Phil Gingrey used to represent part of Coweta County in the U.S. Congress, and his ties to Newnan go back even further.
Gingrey, a physician who served 12 years in Congress, has been a vocal opponent of the Affordable Care Act. Now, he has shifted political gears – advocating retention of Obamacare, while making repairs and revisions. When Gingrey was first elected to Congress in 2003, he represented a district that snaked through several Georgia counties including a strip of Coweta County that included part of downtown Newnan.
Gingrey left Congress after running unsuccessfully in 2014 for the U.S. Senate seat left open when Saxby Chambliss did not seek re-election.
Gingrey now is a senior policy advisor in the District Policy Group at Drinker Biddle, a Washington D.C. lobbying firm. In a blog post on the District Policy Group website, Gingrey outlined his thinking on retaining the Affordable Care Act instead of going with one of the replacement proposals coming from Republicans in the U.S House and U.S. Senate.
"Some of the toughest legislative calls are now being made on healthcare. Every day it seems another Republican member of the U.S. Senate declares an inability to support the GOP’s replacement of President Obama’s Affordable Care Act,” Gingrey wrote on July 11.
He noted more conservative senators — Ted Cruz of Texas, Ron Johnson of Wisconsin, Mike Lee of Utah and Rand Paul of Kentucky — see the Senate proposal as a “lite” version of Obamacare, while other senators, such as Dean Heller of Nevada, object to the Senate bill’s reduction of Medicaid expansion, which could remove 300,000 Nevadans from the program’s rolls.
At the same time, Gingrey noted, several senators have spoken of the need for expanding treatment for opioid addiction.
"If this were an operating room instead of a legislative chamber, I’d be calling 'Code Blue' for a Senate healthcare bill. Like every doctor, however, I’ve seen even the most critically ill patients revive, survive and even thrive,” Gingrey wrote. "Recovery begins when all sides – not just conservative and moderate Republicans, but Democrats as well – come together to create a transparent process with a willingness to examine the best ideas, regardless of their provenance."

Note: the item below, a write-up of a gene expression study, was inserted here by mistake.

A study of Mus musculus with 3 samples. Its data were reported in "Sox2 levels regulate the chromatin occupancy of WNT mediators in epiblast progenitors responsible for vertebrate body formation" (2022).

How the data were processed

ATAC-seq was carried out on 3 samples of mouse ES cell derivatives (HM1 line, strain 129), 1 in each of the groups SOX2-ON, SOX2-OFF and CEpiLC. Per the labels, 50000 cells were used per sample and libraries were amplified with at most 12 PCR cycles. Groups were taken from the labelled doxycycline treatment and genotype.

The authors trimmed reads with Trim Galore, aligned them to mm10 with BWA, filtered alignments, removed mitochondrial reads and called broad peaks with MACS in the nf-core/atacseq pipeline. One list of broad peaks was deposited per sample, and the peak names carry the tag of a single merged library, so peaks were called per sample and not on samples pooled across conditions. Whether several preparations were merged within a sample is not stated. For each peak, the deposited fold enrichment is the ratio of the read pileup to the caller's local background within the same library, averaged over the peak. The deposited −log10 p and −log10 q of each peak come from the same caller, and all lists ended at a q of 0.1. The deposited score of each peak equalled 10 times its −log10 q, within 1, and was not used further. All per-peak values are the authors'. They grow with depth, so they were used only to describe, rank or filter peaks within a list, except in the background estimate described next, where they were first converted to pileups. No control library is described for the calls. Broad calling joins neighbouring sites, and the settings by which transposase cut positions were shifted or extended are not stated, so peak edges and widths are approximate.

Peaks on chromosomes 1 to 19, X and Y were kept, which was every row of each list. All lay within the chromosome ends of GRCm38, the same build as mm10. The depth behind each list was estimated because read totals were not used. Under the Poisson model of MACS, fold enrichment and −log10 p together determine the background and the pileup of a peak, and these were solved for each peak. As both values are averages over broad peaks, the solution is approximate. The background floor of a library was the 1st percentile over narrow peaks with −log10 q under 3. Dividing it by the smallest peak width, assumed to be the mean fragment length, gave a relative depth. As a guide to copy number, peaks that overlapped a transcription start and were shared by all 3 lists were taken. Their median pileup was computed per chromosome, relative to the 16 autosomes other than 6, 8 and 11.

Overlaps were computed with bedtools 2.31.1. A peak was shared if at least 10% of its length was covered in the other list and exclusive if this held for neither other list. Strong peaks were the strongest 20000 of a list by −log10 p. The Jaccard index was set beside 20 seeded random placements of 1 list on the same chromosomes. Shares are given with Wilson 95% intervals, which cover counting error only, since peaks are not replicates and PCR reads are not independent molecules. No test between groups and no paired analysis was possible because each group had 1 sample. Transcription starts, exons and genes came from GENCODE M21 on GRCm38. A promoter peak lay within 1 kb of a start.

Gingrey stated the dominant health care policy and program in the United States today is not Obamacare, but rather uncertainty. "Insurance providers, troubled by the uncertainty of the future of cost-sharing subsidies and the future insurance market generally, are pulling out of ACA exchanges in state after state,” he noted.
"The polls show, however, that most Americans see the American Health Care Act passed by the House Republicans as an unacceptable replacement,” Gingrey wrote. He noted the nonpartisan Congressional Budget Office has released numbers showing the AHCA would remove 24 million Americans from health insurance rolls during the next nine years.
"The House measure would increase premiums for single policyholders in the non-group market by as much as 20 percent in the next two years, followed by modest reductions. Notably, the policies with lower premiums are likely to be less generous, causing critics of the bill to note that people may be paying a little less out of pocket while getting a lot less coverage,” Gingrey wrote.
The former representative noted the difficulties in finding an answer. "A solution cannot be so generous that it crushes the wallets of taxpayers. It cannot be stingy, either, raising premiums and throwing people off the rolls,” he wrote.
Johnson "is asking his colleagues to take more time to come up with better solutions,” Gingrey wrote. "The GOP-controlled Congress, which has given itself to the end of September to finalize legislation under FY 2017 budget reconciliation, might question its self-imposed deadline."
Gingrey suggested Congress consider canceling its August recess to take a thorough look at the medical care program options. The solution, he suggested, would be "one that brings market discipline, lower costs and wider, deeper coverage."
When he was running for Senate, Gingrey told a reporter he had voted to repeal or defund Obamacare more than 40 times. "While complete repeal and replacement may have made sense in 2010 —when the GOP first took back control of the Congress and the ACA was not yet implemented — too much time has passed and too much of our nation’s health care infrastructure has been altered to get all the toothpaste back into the tube,” he concluded in his blog post.
"A solution today should focus on keeping what works, fixing what is broken and tweaking the areas that need refinement and revision. Perhaps a more accurate name than 'repeal and replace' would be 'retain/repair/revise,’” Gingrey suggested.
Medical care, the physician-turned-legislator-turned-lobbyist wrote, “will soon consume almost one-fifth of the economy. It is a life-or-death issue for individuals and our nation.”
A native of Augusta, Gingrey first entered politics in 1993 when he ran for a post on the Marietta City Board of Education. From 1999-2003, he served in the Georgia Senate.
He holds a bachelor's degree in chemistry from the Georgia Institute of Technology and earned his medical degree from Medical College of Georgia.
Gingrey and his wife, Billie Ayers Gingrey, were married in Newnan.